SoundCloud Voices is a weekly Community feature focusing on new spoken word creators found on SoundCloud. It might be a podcast, radio show, audio book, interview, audio messages, a poem, anything! Keep an eye out every Thursday for a new post.
This week we’ve invited the award-winning team from PRI’s The World to share their take on covering the U.S. Presidential elections, and how they hope to engage an international audience around a seemingly national issue. If you live outside the U.S., they want to hear your voice! Read on to find out more…
Does the American President Have a Responsibility for Your Future?
by Marco Werman, Host, PRI’s The World
We’re a radio show. But these days we live online and on your mobile device just as much as we do on-air. At heart, just like the rest of the SoundCloud community, we’re obsessed with the sound of things: people and places, arguments and dreams. And we need your help. But I’ll get to that in a moment.
First, some scene-setting: As you know, Election Day in the United States is just around the corner. So, in the days surrounding the election, we’re taking PRI’s The World on the road to examine how American presidential influence is felt, understood, and imagined by people beyond U.S. borders. While most of the world’s media will be headed stateside, we’re going in the opposite direction.
Now, maybe you’re in the United States. But maybe you’re a SoundCloud community member in Caracas or Mumbai or somewhere else. And maybe you see your own fortunes in the choice of leadership Americans are about to make. Even if you don’t have a vote, my hunch is that you’re watching the US elections very closely.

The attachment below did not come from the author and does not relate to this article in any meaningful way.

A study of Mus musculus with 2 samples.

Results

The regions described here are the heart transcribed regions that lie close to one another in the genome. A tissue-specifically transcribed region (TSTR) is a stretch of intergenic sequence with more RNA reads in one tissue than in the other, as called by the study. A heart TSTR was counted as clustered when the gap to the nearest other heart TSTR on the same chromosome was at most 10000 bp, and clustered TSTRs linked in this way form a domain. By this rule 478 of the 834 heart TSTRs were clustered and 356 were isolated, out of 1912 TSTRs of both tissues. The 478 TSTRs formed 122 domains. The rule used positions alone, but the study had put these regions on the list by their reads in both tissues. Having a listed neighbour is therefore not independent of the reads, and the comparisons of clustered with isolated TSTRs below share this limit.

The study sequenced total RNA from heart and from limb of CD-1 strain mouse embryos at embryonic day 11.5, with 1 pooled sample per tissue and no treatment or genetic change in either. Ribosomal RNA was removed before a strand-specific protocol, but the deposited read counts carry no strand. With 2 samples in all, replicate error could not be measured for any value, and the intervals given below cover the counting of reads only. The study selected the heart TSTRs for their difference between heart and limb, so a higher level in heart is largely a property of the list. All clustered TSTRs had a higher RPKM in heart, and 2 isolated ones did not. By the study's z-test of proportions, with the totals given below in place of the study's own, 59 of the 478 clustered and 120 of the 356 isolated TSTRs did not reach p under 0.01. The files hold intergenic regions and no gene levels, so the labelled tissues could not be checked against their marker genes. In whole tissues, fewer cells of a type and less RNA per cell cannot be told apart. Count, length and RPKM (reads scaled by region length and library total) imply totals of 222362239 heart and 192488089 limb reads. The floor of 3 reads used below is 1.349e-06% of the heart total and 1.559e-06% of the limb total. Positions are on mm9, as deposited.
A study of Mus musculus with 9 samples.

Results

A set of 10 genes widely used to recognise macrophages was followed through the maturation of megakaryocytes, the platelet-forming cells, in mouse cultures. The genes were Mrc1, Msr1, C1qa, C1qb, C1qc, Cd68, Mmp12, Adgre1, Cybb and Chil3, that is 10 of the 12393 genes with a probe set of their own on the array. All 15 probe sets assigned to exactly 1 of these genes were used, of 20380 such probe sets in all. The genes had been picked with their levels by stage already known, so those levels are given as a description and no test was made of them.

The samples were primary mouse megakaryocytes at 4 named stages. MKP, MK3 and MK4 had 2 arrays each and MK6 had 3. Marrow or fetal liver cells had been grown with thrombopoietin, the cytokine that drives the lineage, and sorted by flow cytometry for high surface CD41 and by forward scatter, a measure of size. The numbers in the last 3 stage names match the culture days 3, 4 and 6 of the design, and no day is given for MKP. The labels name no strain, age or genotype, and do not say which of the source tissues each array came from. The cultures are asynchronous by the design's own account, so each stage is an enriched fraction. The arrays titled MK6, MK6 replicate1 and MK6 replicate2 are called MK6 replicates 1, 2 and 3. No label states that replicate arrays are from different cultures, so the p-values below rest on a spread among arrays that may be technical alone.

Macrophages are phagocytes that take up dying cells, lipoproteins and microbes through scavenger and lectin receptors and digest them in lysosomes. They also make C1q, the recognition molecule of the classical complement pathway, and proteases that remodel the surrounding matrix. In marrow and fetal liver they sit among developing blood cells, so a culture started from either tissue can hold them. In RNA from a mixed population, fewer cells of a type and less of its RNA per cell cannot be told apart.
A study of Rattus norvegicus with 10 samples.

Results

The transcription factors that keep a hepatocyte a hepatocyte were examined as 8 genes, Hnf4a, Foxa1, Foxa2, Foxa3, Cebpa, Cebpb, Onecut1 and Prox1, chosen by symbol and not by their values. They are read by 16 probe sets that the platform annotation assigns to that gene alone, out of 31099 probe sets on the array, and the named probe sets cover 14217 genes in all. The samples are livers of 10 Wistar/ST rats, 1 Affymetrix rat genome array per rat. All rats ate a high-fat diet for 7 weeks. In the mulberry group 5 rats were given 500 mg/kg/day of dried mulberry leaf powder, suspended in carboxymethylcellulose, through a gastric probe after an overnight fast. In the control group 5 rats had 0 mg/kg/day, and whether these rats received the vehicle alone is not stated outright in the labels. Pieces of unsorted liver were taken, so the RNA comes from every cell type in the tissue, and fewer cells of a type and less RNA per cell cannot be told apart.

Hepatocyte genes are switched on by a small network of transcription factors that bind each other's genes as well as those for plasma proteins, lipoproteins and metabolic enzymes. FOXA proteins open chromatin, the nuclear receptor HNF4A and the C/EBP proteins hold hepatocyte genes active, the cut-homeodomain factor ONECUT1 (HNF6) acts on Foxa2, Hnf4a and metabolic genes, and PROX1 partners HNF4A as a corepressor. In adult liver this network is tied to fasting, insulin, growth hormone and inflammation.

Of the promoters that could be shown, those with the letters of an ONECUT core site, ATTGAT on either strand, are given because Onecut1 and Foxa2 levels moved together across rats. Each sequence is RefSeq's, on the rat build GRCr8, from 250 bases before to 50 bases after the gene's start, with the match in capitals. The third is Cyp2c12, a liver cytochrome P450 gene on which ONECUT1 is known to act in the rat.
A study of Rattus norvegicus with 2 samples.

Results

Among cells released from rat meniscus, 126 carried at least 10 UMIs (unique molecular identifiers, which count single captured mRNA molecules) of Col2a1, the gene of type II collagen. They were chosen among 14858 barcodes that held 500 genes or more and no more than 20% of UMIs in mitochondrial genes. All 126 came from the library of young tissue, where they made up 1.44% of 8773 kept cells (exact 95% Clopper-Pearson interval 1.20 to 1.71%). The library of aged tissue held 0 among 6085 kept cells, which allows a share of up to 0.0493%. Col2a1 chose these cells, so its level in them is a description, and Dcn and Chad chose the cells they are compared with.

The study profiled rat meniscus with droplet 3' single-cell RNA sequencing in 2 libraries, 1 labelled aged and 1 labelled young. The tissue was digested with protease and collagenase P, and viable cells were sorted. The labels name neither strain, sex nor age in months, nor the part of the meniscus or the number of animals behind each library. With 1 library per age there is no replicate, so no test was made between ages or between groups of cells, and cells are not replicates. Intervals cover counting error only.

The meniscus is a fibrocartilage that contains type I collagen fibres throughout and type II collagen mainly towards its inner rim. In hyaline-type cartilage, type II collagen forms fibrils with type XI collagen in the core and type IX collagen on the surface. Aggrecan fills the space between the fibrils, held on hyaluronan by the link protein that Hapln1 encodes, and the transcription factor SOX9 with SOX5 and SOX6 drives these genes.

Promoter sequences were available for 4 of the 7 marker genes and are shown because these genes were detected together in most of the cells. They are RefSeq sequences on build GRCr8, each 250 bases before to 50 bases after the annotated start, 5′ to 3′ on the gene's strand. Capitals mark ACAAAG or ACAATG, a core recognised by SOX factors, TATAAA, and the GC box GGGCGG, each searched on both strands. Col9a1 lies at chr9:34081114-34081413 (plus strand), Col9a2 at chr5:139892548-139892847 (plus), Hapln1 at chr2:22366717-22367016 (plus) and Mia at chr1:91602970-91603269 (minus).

So I’m headed to London to talk to as many people as I can. Why London? Well, it’s a gateway city for perspectives from across the planet. I’ll be talking to people about a wide range of concerns: the health of the global economy; terrorism and security; the Arab Spring; and the changing role of the United States in global affairs. And I’ll be asking the people I meet to think about what an American president can or should do in today’s world. Do they see the job of a US president (and not only the current president) as a protector or as a policeman? Or do some people have little faith in the ability of American presidents to lead the world on the really big stuff, such as climate change?
I’ll meet up with London-based authors and musicians, scholars and scientists, activists and professionals, many of them immigrants, each deeply interested in the U.S. election and its outcome. And I’m going to capture the city in sound too, in all its messy glory, posting the sounds to The World’s stream here on SoundCloud.
I’ll chat with European commuters as they step off the train from France; take the pulse of London’s much-maligned banking centers; and visit Speakers’ Corner, the historic epicenter of free speech in Britain. I’ll also spend time at New Broadcasting House in central London, talking with journalists from the BBC’s dozens of language services.
But I want to hear from you, too. I want to know how you see the US presidency–the whole institution of the American presidency as it relates to the world. I want you to think more deeply than just telling me who you’d prefer as the next president, Barack Obama or Mitt Romney. Instead, tell me what you think about the American presidency. How would you sum it up? How much is an American president responsible for things that go on in the world outside the United States of America?
To the point: why does the American president have a responsibility for your future, wherever you’re from? You might not have a vote, but I bet you wish you had a say.
Check out the big orange SoundCloud record button at http://theworld.org/elections and share your thoughts with us. Please keep it short, clean, and respectful. And, while you’re at it, follow The World on SoundCloud.
The world is watching this election. We’re listening to the world. And that includes you.
PRI’s The World is a daily one-hour radio program focused on international news and culture. Produced in Boston, it is a co-production of the BBC World Service, Public Radio International and WGBH, Boston. Follow The World on SoundCloud and at TheWorld.org.